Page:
Ben Trockman

Ben Trockman

A Banker Turned Politician Advocates for Community, People with Disabilities

Ben Trockman was an avid motocross athlete for many years before an accident during a race caused a spinal cord injury at the age of 17. He was left paralyzed below the neck and unable to return to the sport he loved. The life ahead of him was suddenly very different from the one he’d imagined for himself. Ben didn’t dwell on that reality for long. He graduated from high school and then earned a Communications degree from the University of Southern Indiana. That degree helped refine Ben’s natural gift for writing, speaking, and persuading influencers to enact legislation or policies for positive change.

He’s actively petitioned state and federal legislation — collecting over 15,000 signatures — to make air travel more attainable for people with physical disabilities. He’s served as an ambassador for Easterseals, reaching out to newly-injured individuals who find themselves faced with the same set of questions that he faced as a 17-year-old. And he’s helped to change the way employers approach hiring people with physical disabilities. Through his work as Community Outreach and Employment Specialist at Old National Bank, he has challenged businesses and organizations to open their eyes to the biases of not hiring the disabled population — whether deaf, blind, or paralyzed — and recognize they are a critical component of the solution for breaking down prejudices and discomfort around people with disabilities. (BraunAbility has committed to keeping inclusive hiring on our priority list in the coming years. See coverage of our inclusion breakfast co-hosted with J.P. Morgan Chase here.)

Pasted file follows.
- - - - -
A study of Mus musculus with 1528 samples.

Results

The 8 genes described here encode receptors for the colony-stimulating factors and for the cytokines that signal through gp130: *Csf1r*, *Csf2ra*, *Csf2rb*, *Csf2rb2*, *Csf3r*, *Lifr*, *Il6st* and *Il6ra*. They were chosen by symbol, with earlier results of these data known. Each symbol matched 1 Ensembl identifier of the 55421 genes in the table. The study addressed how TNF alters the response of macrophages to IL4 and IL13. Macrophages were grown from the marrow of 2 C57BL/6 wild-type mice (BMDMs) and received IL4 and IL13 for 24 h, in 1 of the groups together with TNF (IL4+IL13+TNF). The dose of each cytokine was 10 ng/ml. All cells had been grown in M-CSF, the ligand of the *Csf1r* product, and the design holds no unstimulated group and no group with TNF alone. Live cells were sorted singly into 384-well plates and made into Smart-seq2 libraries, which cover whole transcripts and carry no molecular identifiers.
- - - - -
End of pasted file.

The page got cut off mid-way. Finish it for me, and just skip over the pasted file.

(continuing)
In 2019, Ben ran for and won a seat as a city council member in Evansville, Indiana. On his campaign page on Facebook, a post reads, "This election. This run. It's not about R's. It's not about D's. It's about E's and E is for everyone. This is the movement that I want to bring to the table, that I want this campaign to sound like and feel like for everyone. We’re not going to talk politics, we’re going to talk community."